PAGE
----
Toronto Hash Mob Hits City Hall Today

Watch me present to Toronto city council’s Yonge and Dundas Square management board today at 3 p.m city hall committee room 3 on the second floor. We thought the issue of amplified sound was solved. A few days ago I learned it wasn’t. This is my letter requesting to speak at today’s meeting.

Dear Sir,

On behalf of Toronto Hash Mob I’m requesting an opportunity to speak at the upcoming Yonge & Dundas board meeting to discuss a comprise regarding this years Apr. 20 marijuana protest. Firstly, Toronto Hash Mob is simply a loose collection of friends who are politically motivated to end prohibition. We are not an organization. We don’t have formal meetings. We have no funding. However, we are somewhat organized. With seven years experience planning protests.

In the interest of public safety we would like to use our self powered mobile sound system as the Apr. 20 smoke out may have up to 7000 protesters attend. The sound system comes complete with its own power and is excellent way to engage protesters. The sound system is small, one speaker and microphone. Perfect for anti-prohibition speakers. Unfortunately, I’ve been informed a sound system is a violation of a city bylaw, not the good neighbor policy.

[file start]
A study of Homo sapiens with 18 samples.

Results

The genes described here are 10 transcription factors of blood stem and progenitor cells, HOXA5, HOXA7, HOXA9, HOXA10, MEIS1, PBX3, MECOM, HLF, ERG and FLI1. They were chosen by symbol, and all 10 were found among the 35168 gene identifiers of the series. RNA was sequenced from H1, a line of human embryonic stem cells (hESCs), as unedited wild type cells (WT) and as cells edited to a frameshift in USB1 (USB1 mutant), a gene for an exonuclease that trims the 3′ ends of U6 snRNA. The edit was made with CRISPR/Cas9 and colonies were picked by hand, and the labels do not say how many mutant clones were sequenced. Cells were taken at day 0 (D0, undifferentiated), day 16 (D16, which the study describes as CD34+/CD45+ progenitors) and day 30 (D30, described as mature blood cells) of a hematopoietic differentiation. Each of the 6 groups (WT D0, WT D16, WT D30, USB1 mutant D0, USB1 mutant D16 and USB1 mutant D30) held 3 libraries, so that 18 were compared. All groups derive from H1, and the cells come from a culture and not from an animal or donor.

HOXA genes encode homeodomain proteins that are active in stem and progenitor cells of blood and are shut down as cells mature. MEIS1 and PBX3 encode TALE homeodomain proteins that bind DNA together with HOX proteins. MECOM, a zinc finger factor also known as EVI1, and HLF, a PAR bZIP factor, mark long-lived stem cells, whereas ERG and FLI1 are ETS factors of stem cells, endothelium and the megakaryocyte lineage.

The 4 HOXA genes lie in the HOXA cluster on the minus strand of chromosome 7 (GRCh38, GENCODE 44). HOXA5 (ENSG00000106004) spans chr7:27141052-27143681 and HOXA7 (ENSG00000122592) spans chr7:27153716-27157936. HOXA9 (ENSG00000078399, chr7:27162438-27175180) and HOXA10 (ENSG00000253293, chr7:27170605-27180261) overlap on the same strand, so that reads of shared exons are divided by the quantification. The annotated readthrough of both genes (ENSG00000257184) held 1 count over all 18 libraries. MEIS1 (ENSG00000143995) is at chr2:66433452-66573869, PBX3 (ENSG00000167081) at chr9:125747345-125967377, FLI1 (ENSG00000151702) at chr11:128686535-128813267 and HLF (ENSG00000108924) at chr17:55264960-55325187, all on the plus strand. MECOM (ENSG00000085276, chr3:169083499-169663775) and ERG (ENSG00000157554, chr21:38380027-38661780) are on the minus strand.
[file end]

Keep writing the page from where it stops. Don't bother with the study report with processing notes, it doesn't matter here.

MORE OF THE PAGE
The application I’ve been asked to fill out is for events not protests.Toronto Hash Mob is unable to afford the fees associated with Yonge and Dundas Square. Nor are we willing to become an event when marijuana remains illegal. We request a comprise be reached. Allowing us to plug in a mobile self powered sound system Apr. 20. The sound system would be used for speakers and to ensure public safety.

I’m requesting an opportunity to speak at the March 31, 2011 meeting.

Sincerely,

Matt Mernagh, coach Toronto Hash Mob

Matt Mernagh
Matt Mernagh

Matt Mernagh is author of Marijuana Smoker's Guidebook The Easy Way To Identify and Enjoy Marijuana Strains (http://amzn.to/1bRlaGm) by Green Candy Press and hosts a weekly weedy webcast The Menahuana Zone on Pot.TV every Tuesday. The Mernagh Ruling is a test case of Canada's cannabis laws and was spearheaded by Mernagh, lawyer Paul Lewin and 22 witnesses from across Canada.